The reality of working in a fantasy world





Jackie Wiley will soon graduate with her degree in game design and development. In June, she fulfills her dream as an associate game designer for Blizzard Entertainment in California—an experience she has wished for since she was a child.

Since she was 11 years old, Jackie Wiley has dreamed of recreating the dramatic fantasy realms in her family’s favorite video game, World of Warcraft.

Wiley’s dream becomes a reality when she begins her full-time job with Blizzard Entertainment, the monster game development and publishing company behind World of Warcraft, Hearthstone: Heroes of Warcraft, and the Warcraft, StarCraft and Diablo franchises.

Wiley, a native of Flanders, N.J., graduates from RIT in May with her bachelor’s degree in game design and development. In June, she will head to Blizzard headquarters in Irvine, Calif., and embark upon her professional career as an associate game designer responsible for the storytelling and world design within World of Warcraft.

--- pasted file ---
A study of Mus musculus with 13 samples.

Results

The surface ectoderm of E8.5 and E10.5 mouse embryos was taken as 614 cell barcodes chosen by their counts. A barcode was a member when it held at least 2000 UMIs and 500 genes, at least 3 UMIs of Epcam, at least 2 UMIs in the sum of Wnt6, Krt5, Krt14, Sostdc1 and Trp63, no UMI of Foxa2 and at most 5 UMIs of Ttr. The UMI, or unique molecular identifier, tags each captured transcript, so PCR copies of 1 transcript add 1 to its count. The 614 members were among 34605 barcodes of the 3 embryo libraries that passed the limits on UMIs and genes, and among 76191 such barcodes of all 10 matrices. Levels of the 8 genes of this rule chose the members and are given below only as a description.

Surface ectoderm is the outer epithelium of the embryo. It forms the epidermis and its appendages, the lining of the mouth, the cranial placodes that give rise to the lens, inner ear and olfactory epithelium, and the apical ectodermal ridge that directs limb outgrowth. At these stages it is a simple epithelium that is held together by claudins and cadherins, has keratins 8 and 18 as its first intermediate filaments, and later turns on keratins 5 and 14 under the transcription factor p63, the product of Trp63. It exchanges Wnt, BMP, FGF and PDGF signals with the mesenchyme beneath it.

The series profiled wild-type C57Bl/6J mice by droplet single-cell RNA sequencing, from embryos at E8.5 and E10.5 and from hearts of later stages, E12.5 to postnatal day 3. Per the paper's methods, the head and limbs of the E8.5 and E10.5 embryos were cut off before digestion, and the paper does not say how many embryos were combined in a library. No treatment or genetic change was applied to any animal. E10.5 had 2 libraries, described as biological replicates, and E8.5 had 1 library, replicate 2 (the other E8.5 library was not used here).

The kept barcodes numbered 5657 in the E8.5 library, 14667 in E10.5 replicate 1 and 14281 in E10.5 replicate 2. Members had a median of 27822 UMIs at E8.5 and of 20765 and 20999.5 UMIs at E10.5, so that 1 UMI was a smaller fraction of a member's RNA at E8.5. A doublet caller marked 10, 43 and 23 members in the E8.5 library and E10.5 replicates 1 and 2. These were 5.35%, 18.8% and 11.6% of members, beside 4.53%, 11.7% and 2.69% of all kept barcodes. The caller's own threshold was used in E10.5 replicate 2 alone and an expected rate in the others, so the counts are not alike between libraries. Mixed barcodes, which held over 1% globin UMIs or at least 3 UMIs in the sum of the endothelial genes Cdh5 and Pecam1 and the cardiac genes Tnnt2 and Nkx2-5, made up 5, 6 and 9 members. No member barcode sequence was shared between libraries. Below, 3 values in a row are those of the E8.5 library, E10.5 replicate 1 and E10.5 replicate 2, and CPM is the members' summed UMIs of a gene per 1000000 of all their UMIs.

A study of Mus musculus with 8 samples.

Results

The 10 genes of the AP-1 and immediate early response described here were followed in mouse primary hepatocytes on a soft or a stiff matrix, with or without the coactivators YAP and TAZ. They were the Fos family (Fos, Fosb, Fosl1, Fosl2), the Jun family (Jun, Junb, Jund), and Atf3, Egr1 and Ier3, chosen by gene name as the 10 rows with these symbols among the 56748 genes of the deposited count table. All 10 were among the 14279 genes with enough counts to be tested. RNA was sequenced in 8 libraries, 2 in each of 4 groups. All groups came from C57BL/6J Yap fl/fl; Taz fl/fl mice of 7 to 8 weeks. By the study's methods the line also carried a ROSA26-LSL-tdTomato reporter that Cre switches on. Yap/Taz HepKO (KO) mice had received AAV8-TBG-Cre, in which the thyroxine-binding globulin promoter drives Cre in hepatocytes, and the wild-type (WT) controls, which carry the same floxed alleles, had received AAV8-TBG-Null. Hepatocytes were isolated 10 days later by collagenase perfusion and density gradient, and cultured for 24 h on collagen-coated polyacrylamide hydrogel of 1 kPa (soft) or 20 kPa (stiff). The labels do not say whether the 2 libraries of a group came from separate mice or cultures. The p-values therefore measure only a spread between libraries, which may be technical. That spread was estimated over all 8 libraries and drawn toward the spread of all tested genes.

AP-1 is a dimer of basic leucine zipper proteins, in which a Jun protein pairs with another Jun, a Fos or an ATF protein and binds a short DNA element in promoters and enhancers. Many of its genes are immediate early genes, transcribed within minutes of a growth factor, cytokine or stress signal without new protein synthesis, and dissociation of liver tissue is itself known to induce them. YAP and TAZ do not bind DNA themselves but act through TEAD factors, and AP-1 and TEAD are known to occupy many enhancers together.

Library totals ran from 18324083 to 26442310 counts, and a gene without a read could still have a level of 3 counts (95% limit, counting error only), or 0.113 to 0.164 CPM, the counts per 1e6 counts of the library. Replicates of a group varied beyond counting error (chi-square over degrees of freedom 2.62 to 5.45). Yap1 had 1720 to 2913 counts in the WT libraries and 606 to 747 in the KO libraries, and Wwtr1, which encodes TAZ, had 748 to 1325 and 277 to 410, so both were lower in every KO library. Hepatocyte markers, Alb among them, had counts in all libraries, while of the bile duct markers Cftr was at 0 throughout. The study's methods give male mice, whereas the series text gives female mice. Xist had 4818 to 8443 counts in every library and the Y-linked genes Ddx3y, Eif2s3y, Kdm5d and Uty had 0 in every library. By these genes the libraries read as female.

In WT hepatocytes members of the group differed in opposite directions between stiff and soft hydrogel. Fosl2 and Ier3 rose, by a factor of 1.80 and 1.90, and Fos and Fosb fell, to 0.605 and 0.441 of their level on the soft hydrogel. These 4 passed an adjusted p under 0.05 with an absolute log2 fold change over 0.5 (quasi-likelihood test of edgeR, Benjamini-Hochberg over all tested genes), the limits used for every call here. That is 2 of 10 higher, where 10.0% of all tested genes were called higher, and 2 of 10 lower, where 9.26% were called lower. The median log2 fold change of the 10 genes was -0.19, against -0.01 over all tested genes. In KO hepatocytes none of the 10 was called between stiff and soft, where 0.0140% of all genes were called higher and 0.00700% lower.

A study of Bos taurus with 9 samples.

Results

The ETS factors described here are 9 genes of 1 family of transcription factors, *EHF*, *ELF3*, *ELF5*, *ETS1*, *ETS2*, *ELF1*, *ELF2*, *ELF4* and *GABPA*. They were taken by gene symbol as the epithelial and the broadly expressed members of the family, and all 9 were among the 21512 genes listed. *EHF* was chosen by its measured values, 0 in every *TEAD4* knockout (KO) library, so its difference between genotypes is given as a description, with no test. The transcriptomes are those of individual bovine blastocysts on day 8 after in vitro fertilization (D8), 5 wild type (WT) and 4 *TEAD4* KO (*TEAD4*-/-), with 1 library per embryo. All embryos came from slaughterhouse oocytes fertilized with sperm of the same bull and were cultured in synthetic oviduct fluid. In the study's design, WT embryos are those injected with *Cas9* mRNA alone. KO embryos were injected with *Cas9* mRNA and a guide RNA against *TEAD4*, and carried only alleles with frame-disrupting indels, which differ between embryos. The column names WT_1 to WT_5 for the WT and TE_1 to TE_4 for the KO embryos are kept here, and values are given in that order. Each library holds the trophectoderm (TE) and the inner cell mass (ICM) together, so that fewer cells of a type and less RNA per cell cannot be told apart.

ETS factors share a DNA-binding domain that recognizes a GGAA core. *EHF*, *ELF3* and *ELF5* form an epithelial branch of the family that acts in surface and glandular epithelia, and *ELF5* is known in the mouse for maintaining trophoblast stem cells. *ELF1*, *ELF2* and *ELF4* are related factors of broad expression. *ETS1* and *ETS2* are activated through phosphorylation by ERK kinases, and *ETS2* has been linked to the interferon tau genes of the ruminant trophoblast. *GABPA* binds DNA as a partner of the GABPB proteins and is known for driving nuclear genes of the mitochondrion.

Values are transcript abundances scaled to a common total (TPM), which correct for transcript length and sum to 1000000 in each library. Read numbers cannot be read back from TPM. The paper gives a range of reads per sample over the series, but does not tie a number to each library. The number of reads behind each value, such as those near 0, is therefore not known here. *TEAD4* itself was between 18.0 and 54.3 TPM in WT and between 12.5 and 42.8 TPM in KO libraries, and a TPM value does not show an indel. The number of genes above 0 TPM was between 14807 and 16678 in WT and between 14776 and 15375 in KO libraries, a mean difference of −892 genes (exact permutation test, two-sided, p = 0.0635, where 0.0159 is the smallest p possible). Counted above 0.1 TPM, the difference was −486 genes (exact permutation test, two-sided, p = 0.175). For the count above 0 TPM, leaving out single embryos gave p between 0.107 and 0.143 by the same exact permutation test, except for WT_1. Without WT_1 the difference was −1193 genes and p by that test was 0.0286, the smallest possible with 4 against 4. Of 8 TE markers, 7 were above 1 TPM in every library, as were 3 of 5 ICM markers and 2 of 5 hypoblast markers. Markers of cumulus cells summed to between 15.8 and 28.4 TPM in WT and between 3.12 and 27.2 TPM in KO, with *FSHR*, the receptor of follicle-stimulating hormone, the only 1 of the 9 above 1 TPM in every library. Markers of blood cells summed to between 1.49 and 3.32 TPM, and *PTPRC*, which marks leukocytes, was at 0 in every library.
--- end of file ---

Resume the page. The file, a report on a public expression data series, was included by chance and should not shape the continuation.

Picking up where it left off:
“I’ve always been really creative and I love fantasy world-building in video games,” said Wiley. “The possibilities in these worlds are endless. There is so much that can happen that drives the stories within the games.”

Wiley secured an internship with Blizzard last summer thanks in part to her visit to the Game Developer’s Conference in San Francisco, Calif., a showcase of the industry’s groundbreaking gaming products and a forum for students looking to secure co-ops or permanent positions with leading developers. Each year, RIT’s Center for Media, Arts, Games, Interaction and Creativity (MAGIC) arranges for students to attend.

“I still can’t believe that I got an internship at Blizzard,” she said. “It has always been a dream for me and I know there are thousands of applicants each year.”

Wiley is also proud to be a woman making waves in the male-dominated gaming industry.

“The number of females in this industry is growing,” she explained. “It’s crucial that today’s games are designed and developed with a female perspective, and it’s important that the young women coming up behind me understand that we can have successful careers in this field.”

Wiley is already making inroads to help make her next dream come true.

“Each year, Blizzard puts on this amazing conference called BlizzCon. It’s regarded as an industry must-see event featuring the world’s most innovative game makers. I want to be on the stage, showing off what’s next in store straight from the minds of the talented folks I work with. It’s very team based. The designers at Blizzard are all doing it together. Nothing we make would be as good as it is without constant feedback and teamwork.”